EPSRC DTP PhD studentship: Estimation of risk profiles in spatio-temporal data
University of Exeter - College of Engineering, Mathematics and Physical Sciences
|Funding for:||UK Students, EU Students|
|Placed on:||1st November 2016|
|Closes:||11th January 2017|
The aim of this project is to explore Bayesian methods for optimally aggregating spatial/temporal units, where the level of aggregation is effectively treated as unknown and thus determined as part of the modelling. The project is strongly multidisciplinary, and potentially applicable to a wide range of real-world problems. There are also interesting statistical questions to be explored, for example, is the often observed overdispersion in spatio-temporal disease models partly attributable to analysing the data at an inappropriate level of aggregation?
Here, two main applications will be considered:
- 1) The estimation of not only the degree of spatio-temporal risk in e.g. disease risk models, but also the optimal level of complexity and structure required in the spatial and temporal unit in order to efficiently estimate the parameters of interest. Areas of the space that have negligible background risks should be amalgamated to form larger regions, thus reducing the computational burden of the models.
- 2) The estimation of the optimal temporal unit, for quantifying the effect of covariates on environmental processes. For example, determining the optimal way of defining “season” (i.e. the aggregation of days and months), in the study of extra-tropical cyclones (e.g. European storms) and the effect on their intensity and frequency from large-scale atmospheric processes such as the North Atlantic Oscillation. This particular problem is encountered in many weather and climate studies, where time is arbitrarily measured in days or months or seasons, units that mean different things depending on geographical location and the process of interest.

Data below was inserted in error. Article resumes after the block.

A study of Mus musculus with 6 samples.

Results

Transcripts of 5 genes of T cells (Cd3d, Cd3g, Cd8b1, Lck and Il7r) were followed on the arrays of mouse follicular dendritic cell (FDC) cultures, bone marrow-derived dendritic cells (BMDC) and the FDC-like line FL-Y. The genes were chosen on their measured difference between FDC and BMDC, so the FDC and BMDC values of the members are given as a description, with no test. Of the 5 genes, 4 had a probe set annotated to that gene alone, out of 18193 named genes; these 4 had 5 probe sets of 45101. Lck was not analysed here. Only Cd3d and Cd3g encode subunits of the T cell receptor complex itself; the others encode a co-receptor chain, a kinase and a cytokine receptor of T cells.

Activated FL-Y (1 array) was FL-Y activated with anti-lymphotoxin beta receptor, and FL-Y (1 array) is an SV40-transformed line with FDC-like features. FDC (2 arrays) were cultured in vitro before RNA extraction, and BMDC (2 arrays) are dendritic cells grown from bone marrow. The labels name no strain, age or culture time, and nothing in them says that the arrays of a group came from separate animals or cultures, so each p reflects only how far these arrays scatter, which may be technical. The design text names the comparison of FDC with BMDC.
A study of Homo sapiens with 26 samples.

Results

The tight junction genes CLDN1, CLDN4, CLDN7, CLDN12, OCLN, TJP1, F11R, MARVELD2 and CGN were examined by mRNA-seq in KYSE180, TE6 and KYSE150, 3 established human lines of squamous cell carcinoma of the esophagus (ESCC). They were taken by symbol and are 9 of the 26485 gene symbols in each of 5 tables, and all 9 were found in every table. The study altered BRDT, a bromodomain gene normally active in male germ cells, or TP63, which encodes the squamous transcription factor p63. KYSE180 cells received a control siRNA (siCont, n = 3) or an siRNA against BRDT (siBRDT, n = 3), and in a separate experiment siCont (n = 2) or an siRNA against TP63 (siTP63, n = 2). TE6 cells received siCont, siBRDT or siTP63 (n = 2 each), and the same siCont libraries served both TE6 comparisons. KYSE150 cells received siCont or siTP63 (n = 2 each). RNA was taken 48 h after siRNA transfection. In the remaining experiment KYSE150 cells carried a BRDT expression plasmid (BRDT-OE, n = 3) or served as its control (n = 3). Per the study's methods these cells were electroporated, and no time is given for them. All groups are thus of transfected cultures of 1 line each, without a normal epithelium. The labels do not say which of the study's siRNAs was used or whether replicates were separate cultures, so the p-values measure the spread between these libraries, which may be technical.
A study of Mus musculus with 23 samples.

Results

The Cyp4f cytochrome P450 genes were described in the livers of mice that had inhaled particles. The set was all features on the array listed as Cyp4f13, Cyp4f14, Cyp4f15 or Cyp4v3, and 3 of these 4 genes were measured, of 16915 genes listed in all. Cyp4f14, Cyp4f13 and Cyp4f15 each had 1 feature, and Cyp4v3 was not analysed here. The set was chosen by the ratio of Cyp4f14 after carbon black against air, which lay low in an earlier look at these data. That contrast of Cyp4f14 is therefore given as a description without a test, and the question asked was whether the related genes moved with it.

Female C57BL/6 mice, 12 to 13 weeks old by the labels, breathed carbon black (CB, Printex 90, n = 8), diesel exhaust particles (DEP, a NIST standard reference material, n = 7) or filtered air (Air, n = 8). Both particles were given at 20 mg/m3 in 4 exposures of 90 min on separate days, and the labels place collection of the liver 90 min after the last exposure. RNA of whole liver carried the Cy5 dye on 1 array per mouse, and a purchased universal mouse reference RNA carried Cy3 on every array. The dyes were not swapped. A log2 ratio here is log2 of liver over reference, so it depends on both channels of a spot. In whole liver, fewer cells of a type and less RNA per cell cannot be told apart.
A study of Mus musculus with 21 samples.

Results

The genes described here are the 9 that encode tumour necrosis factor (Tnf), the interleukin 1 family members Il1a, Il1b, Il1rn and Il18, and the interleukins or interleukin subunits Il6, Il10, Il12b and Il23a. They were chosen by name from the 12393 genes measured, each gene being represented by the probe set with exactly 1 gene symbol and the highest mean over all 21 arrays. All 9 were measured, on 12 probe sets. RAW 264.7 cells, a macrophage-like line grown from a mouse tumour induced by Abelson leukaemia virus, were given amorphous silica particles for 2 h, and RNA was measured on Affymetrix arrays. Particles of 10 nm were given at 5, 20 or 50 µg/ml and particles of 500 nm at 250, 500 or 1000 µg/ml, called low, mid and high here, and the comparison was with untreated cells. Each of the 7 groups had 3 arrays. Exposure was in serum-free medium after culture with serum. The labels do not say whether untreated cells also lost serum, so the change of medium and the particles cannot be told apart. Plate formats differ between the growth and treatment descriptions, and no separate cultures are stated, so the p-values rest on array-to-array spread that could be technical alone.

The student will attend the Academy for PhD Training in Statistics (APTS), in order to obtain a rounded view of modern statistical methods. They will be responsible for the development of novel statistical methods for spatio-temporal model fitting, and will be exposed to cutting edge statistical methodology. They will develop expertise in computer programming and numerical inference methods, and will learn key skills in science communication, and gain crucial experience in analysing complex, real-life data sets. These generic skills will serve the student well for a wide range of quantitative careers, as well as contributing scientific insights into a series of important real-world problems
3.5 year studentship: UK/EU tuition fees and an annual maintenance allowance at current Research Council rate. Current rate of £14,296 per year.